Dissertation research for my topic, Diane Von Furstenberg, has taken me on a colorful journey of the American fashion industry of the 1970s. With many thanks to Rebecca for lending me several books on the period, I’ve been lucky enough to encounter the gregarious and charming Roy Halston Frowick (April 23, 1932 – March 26, 1990). Halston (pronounced Hal-stone), as he became widely known when he rose to international fame in the 70s, is recognized as the creator of luxury American fashion, whose groundbreaking designs have influenced the aesthetic of the modern “American Look.” First known for his innovation in millinery (his hats graced the covers of Vogue), Halston used his signature materials of jersey, cashmere and suede to reinvent the jumpsuit, shirtdress and caftan.
Although Halston is constantly associated with the Studio 54 crowd and glamorous women of the era, it is his business ventures as a leading designer of made-to-measure who tried to break into the ready-to-wear clothing market that fascinate me. His career provides one of the first case studies of a designer who tried to design for the couture consumer and mass-market simultaneously.
Halston was born in the mid-west (De Moines, Iowa) to a humble family. After a somewhat difficult childhood, and a brief flirtation with higher education (he only completed one semester at Indiana University), he moved to Chicago in 1952 where he opened a small business in the preeminent Ambassador hotel as a milliner. Not long afterwards, in 1957 Halston moved to New York City where he worked his way up to become head milliner at Bergdorf Goodman. This opportunity provided an introduction him to society’s most well known and powerful, including none other than Jackie Kennedy, for whom Halston famously designed the pillbox hat.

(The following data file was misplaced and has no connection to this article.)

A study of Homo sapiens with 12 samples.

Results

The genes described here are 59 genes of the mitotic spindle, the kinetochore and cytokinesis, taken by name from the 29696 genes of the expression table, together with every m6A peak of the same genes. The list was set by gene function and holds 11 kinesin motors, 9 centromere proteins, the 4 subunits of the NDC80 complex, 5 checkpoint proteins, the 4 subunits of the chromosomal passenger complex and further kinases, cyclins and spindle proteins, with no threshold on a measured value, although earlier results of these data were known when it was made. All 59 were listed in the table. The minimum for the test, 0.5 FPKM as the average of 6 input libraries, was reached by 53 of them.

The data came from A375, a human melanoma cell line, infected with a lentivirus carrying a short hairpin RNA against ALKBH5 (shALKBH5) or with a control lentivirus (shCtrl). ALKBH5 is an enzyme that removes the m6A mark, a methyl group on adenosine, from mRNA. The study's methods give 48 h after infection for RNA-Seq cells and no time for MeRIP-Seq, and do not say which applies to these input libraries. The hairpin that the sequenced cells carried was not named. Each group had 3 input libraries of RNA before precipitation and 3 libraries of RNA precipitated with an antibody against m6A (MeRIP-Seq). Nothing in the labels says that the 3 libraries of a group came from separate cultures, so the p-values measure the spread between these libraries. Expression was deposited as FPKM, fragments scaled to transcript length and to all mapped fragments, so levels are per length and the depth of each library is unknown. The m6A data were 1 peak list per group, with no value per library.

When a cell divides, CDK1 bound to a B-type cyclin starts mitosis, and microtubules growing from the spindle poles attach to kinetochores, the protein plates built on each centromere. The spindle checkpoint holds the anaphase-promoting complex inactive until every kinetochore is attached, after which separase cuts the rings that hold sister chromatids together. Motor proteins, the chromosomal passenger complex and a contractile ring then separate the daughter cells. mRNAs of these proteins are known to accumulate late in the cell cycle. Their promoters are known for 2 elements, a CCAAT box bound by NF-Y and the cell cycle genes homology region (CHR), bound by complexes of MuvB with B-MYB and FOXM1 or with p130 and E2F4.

After he left Bergdorf’s in 1968 to start his own business, he continued with millinery, reluctant to transition into ready-to-wear immediately. Interestingly, at this moment Halston began to explore with the idea of selling to both the up and down markets. He designed two separate lines: Halston USA, a lower-priced mass-market line, and Halston Ltd a higher-priced collection to be made in his custom workroom and sold at the high end department stores of the day, Neiman-Marcus and Bonwit Teller. When Halston USA sold over $200,000 in 1968 dollars wholesale in its first six weeks alone, Halston said, “And when you consider that the millinery market is dying on the vine, [it] said something to me.”
In September of ‘68 Halston announced the formation of his own ready-to-wear business with dresses priced at about $150, coats and suits, $200; officially cementing his transition from milliner to dress-maker (not unlike Chanel). His plan was to keep the line exclusive by restricting sales to one store in each major city, but keep it current in by sending new merchandise every six to eight weeks, which was perhaps an overly ambitious plan. Halston used the mass-market model to sustain his custom order business throughout the 70s– his ultimate aspiration was to become America’s couturier and open his own “house”. However, sadly, the tensions of balancing his brand’s exclusivity and profits ultimately overwhelmed the business itself.
In 1983, Halston signed a six-year licensing deal, worth a reported $1 billion, with J. C. Penney. The line, called Halston III, consisted of affordable clothing, accessories, cosmetics and perfumes ranging from $24 to $200. However, the move was extraordinarily controversial at the time, as no other high end designer had ever licensed their designs to a mid-priced chain retail store, and Bergdorf Goodman wasted no time dropping Halston Limited shortly after plans for Halston III were announced.
While Halston felt that the deal would only expand his brand, it in fact had damaged his image with retailers who felt that his name had been “cheapened”. As modern retailers such as Michael Kors struggle with the exact same issue, it is fascinating to see how, in fashion especially, history always seems destined to repeat itself.